DAVIDSON COUNTY, N.C. (WGHP) — Thomas Martens and Molly Corbett will soon be sentenced once again after the results of their 2017 murder trial in Davidson County were overturned.

Martens pleaded guilty to voluntary manslaughter, and Corbett pleaded no contest to the same charge. The district attorney dropped a charge of second-degree murder.

The state decided against a retrial after the 2017 conviction was overturned.  

On Monday, they entered plea agreements that could get them minimal future jail time or none at all. 

The final resolution could take days.

More witnesses will be called, and the judge will make a decision that could mean more time in prison. The judge could also give them credit for the four years they’ve already served and suspend the rest of their sentences.

The deliberation will begin again at 9:30 a.m. on Tuesday at the Davidson County Courthouse.

The death of Jason Corbett

Prosecutors alleged that Molly Corbett and Martens, her father, beat Molly’s husband, 39-year-old Jason Corbett, to death with a paving brick and a baseball bat on Aug. 2, 2015.

During the case, both of them argued self-defense, saying that Jason Corbett had strangled Molly Corbett.

Martens has said that he beat Jason in a “life-and-death struggle.”

The 2017 trial

Molly Corbett and Martens had pleaded not guilty and filed a motion to have the trial moved out of Davidson County, but it was initially denied and the trial moved forward.

In 2017, they were both found guilty of second-degree murder and sentenced to 20 to 25 years in prison.

The trial, however, was called into question with court documents claiming that several jurors acted inappropriately during the 2017 trial.

The jurors reportedly admitted that they had conversations about the case against the instructions of the judge, said that they “formed opinions about Molly Corbett despite the fact that she did not even take the witness stand” and violated the court’s instruction that her decision not to testify should not influence the jury. Jurors also reportedly “developed their own theories” about the case that were “not supported by the facts or evidence.”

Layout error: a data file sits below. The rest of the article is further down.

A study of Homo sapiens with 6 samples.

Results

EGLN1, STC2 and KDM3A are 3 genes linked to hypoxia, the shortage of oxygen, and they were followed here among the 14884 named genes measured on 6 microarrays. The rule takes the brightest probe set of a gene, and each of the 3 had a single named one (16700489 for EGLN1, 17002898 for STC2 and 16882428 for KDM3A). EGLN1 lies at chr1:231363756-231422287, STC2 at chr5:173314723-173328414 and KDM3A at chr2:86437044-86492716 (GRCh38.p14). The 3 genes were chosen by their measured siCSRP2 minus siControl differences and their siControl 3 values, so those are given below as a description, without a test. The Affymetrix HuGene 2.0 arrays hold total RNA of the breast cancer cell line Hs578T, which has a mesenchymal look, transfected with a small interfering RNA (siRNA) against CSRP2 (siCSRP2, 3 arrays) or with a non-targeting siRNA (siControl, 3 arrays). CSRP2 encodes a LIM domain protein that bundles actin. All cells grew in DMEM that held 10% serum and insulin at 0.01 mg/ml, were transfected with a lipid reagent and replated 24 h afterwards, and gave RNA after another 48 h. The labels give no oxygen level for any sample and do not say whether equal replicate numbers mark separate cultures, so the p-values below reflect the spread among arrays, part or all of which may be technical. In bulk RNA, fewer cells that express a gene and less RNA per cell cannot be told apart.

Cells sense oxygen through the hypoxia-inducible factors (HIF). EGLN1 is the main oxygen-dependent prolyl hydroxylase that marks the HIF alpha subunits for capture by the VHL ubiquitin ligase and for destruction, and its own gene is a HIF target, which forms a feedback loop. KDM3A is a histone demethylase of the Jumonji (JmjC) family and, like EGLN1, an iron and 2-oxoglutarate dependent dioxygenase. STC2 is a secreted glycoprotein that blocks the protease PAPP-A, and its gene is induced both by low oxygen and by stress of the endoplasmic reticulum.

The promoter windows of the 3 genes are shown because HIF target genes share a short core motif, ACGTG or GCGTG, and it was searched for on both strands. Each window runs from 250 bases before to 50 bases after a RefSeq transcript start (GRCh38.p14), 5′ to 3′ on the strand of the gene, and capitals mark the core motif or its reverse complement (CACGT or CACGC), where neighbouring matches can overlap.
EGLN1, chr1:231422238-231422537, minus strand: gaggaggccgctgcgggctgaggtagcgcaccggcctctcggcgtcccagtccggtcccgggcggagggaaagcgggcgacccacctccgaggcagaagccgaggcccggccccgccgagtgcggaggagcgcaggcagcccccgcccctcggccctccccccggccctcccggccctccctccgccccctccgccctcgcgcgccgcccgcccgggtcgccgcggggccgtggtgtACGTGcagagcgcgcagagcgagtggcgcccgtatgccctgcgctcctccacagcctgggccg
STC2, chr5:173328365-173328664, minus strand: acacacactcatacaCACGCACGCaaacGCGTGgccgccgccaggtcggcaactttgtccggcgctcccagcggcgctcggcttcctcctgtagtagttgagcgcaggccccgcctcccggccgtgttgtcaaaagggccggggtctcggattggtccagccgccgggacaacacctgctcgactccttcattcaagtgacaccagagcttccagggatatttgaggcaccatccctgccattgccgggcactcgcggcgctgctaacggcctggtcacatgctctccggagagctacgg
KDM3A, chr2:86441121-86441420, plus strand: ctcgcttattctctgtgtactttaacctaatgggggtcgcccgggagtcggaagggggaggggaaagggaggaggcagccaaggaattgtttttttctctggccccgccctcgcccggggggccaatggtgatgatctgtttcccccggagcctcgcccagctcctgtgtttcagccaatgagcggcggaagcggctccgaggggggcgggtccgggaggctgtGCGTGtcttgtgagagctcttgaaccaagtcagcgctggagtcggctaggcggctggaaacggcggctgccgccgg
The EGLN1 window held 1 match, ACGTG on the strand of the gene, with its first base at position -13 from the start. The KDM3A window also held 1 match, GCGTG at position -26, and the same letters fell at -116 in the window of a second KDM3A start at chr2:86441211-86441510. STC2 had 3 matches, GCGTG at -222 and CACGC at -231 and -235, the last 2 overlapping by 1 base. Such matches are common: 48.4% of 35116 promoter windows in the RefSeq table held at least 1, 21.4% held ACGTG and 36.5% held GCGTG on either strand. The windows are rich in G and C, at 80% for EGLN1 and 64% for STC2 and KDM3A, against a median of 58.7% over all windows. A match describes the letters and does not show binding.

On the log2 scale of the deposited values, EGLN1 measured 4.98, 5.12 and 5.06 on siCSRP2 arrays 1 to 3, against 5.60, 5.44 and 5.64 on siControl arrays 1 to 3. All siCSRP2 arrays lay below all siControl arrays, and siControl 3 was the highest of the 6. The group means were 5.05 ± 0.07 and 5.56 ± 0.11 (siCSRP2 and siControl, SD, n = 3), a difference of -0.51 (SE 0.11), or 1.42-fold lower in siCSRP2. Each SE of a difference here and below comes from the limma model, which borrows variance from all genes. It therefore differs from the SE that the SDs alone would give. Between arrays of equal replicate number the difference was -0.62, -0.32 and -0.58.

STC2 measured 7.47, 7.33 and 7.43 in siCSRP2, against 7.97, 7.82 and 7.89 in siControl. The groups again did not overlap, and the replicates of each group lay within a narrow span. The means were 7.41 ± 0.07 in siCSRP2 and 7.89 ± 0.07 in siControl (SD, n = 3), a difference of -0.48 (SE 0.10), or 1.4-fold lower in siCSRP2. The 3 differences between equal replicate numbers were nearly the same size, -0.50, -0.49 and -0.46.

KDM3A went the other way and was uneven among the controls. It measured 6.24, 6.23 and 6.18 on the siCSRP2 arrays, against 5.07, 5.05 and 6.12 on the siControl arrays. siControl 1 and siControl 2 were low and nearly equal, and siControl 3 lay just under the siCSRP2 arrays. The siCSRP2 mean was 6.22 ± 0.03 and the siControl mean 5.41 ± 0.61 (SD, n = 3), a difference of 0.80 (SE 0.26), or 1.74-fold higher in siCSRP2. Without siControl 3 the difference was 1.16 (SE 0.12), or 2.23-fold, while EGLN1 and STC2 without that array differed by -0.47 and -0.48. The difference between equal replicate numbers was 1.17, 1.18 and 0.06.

Jack and Sarah Corbett, children from Jason Corbett’s previous marriage, gave statements to the Dragonfly House Children’s Advocacy Center in Mocksville and the Union County Department of Social Services about Jason Corbett abusing Molly Corbett, but they did not testify and their testimony was not used.

Convictions overturned

In 2020, the NC Court of Appeals overturned the second-degree murder convictions, in part because Judge David Lee excluded the statements that Jason Corbett’s children made during the initial trial.

Prosecutors have argued that Jack and Sarah recanted their statements about abuse.

In 2021, the Supreme Court upheld the court’s decision, stating that the committed testimony impacted the initial trial, and the case was slated to be re-tried.

Molly Corbett and Thomas Martens

Change of venue request

Counsel asked for the trial to be moved out of Davidson County to Forsyth or another county, citing the “unprecedented” coverage both by the press and on social media, saying much of the information circulating is “false.” The document also accuses the Corbett family of continuing to make statements about the case to the media, calling Thomas and Molly murderers “while portraying Jason Corbett as a saint.”

Molly Martens Corbett, left, stands with her defense attorney, Walter Holton, during a court hearing. (David Rolfe/Journal)

An oral order was entered by Judge David L. Hall on Sept. 21, 2022, saying that no one should be making extrajudicial statements about the case.

“Within 20 minutes after the Judge entered this Order, social media postings complaining of the Order and making other extrajudicial statements regarding the case were made by Jason Corbett’s family or representatives of his family,” the document alleges.

On Dec. 1, 2022, a written order was submitted that prohibited counsel and past and potential witnesses from making public comments.


Forsyth County Resident Superior Court Judge David Hall said he would allow the case to move to Forsyth County, a victory for the two defendants.

“After careful review, I determine that Forsyth County is the most proper venue for the joint trial of these matters,” Hall said. “The considerations attendant with this decision are myriad, and certainly specific to the factual and procedural posture of these cases. Your arguments were all well-founded and exceptionally persuasive. In the final analysis, the totality of the circumstances, and particularly the fact that these matters are on for re-trial, satisfy the defendants’ extraordinary burden.”